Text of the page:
A Different Battle Against Cancer


I am not a health nut. I am not a nutritionist. I am not a doctor. I am a daughter. My mother has breast cancer. Heavy, right? It only feels that way sometimes. And for as many times as you hear about someone with breast cancer, there are that many more sons and daughters trying to come to terms with reality that their mom is sick with cancer. But that’s not really why I’m here. As I’ve watched my amazingly strong mother march through eight rounds of chemo, and a double mastectomy around the corner, I’ve realized that her battle is a very different one from most women with breast cancer.

Most women with breast cancer – scratch that – most people in the world aren’t all that aware of their bodies and their health. The stuff we consume and apply to our bodies, the chemicals hidden in every manufactured, baked, carefully packaged item are too many to name. The fundamental health issues we all argue about, the problem with school lunch systems, and the crap we find walking down the grocery aisle, that all stems from awareness. We ingest and expel product after product, without ever really knowing what’s happening.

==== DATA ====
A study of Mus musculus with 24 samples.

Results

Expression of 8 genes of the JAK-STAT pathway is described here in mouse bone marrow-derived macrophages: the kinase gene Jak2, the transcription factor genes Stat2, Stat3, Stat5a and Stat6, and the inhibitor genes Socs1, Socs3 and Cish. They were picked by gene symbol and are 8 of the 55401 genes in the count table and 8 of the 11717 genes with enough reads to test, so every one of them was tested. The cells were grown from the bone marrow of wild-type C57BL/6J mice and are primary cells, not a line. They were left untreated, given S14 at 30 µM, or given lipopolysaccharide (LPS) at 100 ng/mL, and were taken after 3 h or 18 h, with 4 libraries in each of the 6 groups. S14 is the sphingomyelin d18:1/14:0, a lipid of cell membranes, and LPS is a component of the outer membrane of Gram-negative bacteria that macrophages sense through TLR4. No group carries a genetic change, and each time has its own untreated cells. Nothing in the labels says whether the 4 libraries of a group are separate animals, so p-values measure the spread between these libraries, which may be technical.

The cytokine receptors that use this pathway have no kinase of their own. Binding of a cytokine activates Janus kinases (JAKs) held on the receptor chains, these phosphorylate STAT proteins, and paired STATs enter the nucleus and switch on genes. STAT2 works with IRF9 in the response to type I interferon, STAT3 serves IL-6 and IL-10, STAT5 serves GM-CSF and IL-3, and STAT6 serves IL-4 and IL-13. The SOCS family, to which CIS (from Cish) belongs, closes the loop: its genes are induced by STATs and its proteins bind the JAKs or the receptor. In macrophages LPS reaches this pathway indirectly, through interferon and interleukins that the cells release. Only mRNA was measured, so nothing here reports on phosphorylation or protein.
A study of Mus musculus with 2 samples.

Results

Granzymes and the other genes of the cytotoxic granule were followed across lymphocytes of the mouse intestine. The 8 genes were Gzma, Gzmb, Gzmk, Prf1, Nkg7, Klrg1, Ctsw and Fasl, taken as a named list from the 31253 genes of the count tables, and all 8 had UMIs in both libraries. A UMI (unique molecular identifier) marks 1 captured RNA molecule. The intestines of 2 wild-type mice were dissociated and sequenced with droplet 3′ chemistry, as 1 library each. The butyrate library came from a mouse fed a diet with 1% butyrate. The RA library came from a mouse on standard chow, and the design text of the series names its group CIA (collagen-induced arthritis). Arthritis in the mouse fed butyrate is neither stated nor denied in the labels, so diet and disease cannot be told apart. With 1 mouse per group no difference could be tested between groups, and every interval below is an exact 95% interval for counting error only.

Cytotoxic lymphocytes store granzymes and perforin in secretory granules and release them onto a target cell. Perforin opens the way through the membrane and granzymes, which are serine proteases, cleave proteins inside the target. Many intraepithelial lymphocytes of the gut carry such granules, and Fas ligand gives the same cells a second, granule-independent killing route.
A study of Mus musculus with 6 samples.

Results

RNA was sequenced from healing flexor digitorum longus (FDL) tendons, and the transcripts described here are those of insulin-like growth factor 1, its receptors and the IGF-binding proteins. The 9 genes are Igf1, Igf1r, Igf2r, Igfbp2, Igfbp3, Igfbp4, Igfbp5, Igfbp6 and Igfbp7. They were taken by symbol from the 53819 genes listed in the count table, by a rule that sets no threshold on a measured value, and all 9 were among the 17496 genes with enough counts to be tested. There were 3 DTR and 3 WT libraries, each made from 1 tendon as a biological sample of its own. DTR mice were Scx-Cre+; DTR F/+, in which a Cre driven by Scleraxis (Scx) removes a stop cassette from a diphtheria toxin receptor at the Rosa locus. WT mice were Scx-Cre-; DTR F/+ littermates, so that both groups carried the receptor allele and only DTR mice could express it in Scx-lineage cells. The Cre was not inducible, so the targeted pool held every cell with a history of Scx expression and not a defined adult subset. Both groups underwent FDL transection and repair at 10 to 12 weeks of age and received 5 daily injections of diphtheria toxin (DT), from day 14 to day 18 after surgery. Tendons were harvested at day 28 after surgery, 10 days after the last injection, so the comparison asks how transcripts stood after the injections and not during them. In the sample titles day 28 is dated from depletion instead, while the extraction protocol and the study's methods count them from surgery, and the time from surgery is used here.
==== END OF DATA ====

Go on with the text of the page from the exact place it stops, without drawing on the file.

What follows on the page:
It has taken me this long to realize that the reason my mom isn’t fighting the same fight is because of her self-awareness. She has learned everything there is to know about breast cancer and the different things that have helped her battle chemo. The reason she was able to do all of that was because she had set a precedent for understanding her body and her health in a way that incremental changes to her diet, exercise, vitamin intake, etc. actually improved her ability to be self-aware. Ever since I was little my mom has lectured my siblings and I on the nutritional value of different foods, all the while helping us understand more and more about ourselves.

My mom told me a story the other day about a woman in the mammography exam waiting room who, after chatting with my mother for a while, explained how helpless and uninformed she felt going through chemo (it had been a year since she started, whereas my mom had only been in chemo for 16 weeks). My mom’s reaction when telling me the story was that she felt bad for this other woman, that she didn’t realize how big the information gap was.

This left me with a much clearer sense of why I didn’t feel constantly distraught and worried about my mom going through chemo – because she truly wasn’t fighting the same fight. She is, and will continue to be, one of the most health-informed women out there. This brings me back to the root of the issue, awareness and health education are crucial – not only in cancer patients, but in regular healthy people. If children in school today knew an ounce about what they are putting in their bodies, the children of tomorrow would be a hell of a lot better off.